3 yoga postures to keep anxiety at bay

Feeling stressed? These poses are designed to kick your body into 'rest and digest' mode

Downward dog
(Image credit: Elly Fairytale from Pexels Copy)

Even when everything's going to plan and everyone is behaving, the holidays can be an overwhelming time. To help you out, we've put together this guide to the best yoga poses to keep anxiety at bay. 

These poses are designed to help you physiologically calm down. When anxious, our fight or flight response is activated. If experienced for prolonged periods, this response is activated the majority of the time, even when we're not anxious. Yoga fires up our neglected rest and digest function, slowing the system down so it can replenish. It's important you practise these postures regularly to feel the benefits: it can take time for your body to learn there's another way to respond. Grab your yoga mat, shut yourself away in a spare room for a minute, and get started with these poses.

1. Butterfly

Butterfly

(Image credit: Kat Bayly / Jason Parnell-Brookes)

Sitting on the floor, using some support under the buttocks, bring the soles of your feet together. You want them as close to the groins as possible but this can be altered if it doesn't feel right for your hips. Hold the fronts of your ankles or rest your hands on your legs. 

How does this reduce anxiety?

When anxious, we may lack motivation spending longer periods of time sitting or we may walk with bad posture as a way to protect ourselves when we feel vulnerable. Hip openers bring fluidity to the hip joints thus aiding the upright position of the spine, improving our posture. This may have a snowball effect on your feelings of confidence and mood.

2. Standing forward bend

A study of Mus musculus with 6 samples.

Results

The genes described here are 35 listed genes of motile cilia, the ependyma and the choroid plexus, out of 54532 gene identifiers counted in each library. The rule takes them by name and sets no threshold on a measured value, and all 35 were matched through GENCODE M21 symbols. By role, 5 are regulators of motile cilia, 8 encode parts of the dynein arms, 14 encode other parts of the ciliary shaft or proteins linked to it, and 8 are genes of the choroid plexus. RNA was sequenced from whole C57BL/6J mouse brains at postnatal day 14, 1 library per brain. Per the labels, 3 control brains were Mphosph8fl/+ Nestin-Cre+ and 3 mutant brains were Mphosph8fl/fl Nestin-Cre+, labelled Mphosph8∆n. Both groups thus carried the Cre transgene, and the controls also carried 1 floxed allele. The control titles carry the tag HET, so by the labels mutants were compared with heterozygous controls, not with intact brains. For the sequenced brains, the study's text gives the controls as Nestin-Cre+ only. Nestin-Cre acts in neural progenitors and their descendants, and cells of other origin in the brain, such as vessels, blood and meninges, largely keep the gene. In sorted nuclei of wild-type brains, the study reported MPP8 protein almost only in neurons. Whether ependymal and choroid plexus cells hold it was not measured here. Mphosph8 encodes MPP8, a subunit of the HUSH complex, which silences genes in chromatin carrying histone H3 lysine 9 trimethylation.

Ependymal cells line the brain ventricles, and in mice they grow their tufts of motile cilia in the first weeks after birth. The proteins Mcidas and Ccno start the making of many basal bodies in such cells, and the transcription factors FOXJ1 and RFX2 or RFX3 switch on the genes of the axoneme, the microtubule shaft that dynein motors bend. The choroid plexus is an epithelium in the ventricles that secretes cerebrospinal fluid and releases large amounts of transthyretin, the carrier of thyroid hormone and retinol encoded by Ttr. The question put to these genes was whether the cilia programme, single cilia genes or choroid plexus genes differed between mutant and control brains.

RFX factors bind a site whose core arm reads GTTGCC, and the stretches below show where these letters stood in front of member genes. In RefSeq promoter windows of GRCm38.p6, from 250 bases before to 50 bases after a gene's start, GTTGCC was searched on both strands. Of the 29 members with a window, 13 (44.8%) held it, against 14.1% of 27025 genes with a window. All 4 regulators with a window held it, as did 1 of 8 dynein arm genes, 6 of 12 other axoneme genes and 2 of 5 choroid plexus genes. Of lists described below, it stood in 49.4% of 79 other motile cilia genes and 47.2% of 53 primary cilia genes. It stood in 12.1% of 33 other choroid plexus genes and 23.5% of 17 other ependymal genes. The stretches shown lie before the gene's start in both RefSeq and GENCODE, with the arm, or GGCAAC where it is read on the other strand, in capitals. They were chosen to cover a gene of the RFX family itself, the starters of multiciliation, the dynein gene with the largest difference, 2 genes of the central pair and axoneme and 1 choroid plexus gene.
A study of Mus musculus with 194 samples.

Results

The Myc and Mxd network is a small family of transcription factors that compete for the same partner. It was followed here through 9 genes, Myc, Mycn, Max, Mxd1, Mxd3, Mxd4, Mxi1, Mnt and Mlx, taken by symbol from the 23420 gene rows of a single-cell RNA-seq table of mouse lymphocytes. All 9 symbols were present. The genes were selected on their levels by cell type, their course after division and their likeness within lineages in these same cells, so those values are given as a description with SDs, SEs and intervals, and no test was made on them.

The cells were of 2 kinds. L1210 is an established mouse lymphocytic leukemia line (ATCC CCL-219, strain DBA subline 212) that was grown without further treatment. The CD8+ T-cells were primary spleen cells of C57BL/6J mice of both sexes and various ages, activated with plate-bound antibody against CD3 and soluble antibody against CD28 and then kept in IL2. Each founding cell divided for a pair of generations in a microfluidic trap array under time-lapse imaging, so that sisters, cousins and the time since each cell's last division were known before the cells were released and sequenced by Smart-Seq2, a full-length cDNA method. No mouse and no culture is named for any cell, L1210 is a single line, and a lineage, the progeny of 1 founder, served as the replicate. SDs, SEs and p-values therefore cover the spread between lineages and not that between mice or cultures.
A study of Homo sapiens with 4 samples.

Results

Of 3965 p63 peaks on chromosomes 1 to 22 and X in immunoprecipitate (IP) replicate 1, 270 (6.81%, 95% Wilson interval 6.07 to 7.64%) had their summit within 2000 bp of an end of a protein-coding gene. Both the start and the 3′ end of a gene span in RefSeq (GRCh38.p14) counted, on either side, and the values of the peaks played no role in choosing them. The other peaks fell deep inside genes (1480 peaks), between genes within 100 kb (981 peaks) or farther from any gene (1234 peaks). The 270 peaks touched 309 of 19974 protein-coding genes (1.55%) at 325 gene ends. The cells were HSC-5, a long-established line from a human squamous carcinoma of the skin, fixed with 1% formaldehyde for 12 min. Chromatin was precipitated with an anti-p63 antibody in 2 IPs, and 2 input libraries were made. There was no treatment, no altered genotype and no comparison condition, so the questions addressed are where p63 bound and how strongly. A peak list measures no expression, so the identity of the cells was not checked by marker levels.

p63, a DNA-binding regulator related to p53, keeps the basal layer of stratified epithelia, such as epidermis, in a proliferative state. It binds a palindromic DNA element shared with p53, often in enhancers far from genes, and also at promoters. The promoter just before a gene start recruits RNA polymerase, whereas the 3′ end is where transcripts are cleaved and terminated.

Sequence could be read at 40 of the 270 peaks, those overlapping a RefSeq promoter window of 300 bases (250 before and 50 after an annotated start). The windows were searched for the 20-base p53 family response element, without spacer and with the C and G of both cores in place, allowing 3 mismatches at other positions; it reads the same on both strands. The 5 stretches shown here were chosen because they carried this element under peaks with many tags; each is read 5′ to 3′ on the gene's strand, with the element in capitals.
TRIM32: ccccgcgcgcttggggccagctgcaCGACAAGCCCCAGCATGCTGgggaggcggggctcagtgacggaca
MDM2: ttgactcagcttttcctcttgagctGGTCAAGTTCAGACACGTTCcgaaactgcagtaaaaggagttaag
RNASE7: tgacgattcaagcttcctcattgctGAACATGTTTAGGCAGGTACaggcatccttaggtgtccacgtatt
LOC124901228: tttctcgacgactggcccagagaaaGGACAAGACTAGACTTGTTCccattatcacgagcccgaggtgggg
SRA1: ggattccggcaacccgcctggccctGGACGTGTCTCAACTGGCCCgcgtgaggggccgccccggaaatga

Standing forward bend

(Image credit: Polina Tankilevitch from Pexels)

From a standing position, inhale, lift your arms up and exhale, bend your knees bringing your hands to the backs of your legs or to the floor. Descend your spine down, lengthening from your lower back to the crown of the head. 

How does this reduce anxiety?

Inverting the body means to place your head lower than your heart. Inverting brings a different perspective to our world and helps shift our mindset. Standing forward bends are calming to the nervous system. There's the added benefit of stretching out the hamstrings and lower back, both places that can get tight from a prolonged stress response.

3. Downward dog

Downward dog

(Image credit: Kat Bayly / Jason Parnell-Brookes)

From your standing forward bend, bring your hands to the floor and step back, roughly a leg distance from your hands so you're in an upside down 'V'. Place your feet hip distance. Keep a soft bend in your knees and heels lifted.

How does this reduce anxiety?

Here's the science behind how inversions activate our rest function. We have arteries known as the carotid arteries that run through the front of the neck. These arteries carry blood to the brain and have sensors that ensure the brain receives the correct amount of blood. Inverting the body means that these sensors receive a flush of blood that tells your rest function to activate. This response means that your body is ordered to manage the flow of blood with cuts to the heart and circulatory systems, ultimately slowing down the bodily functions. This physiological 'brake' by the parasympathetic nervous system helps to dampen the anxiety response.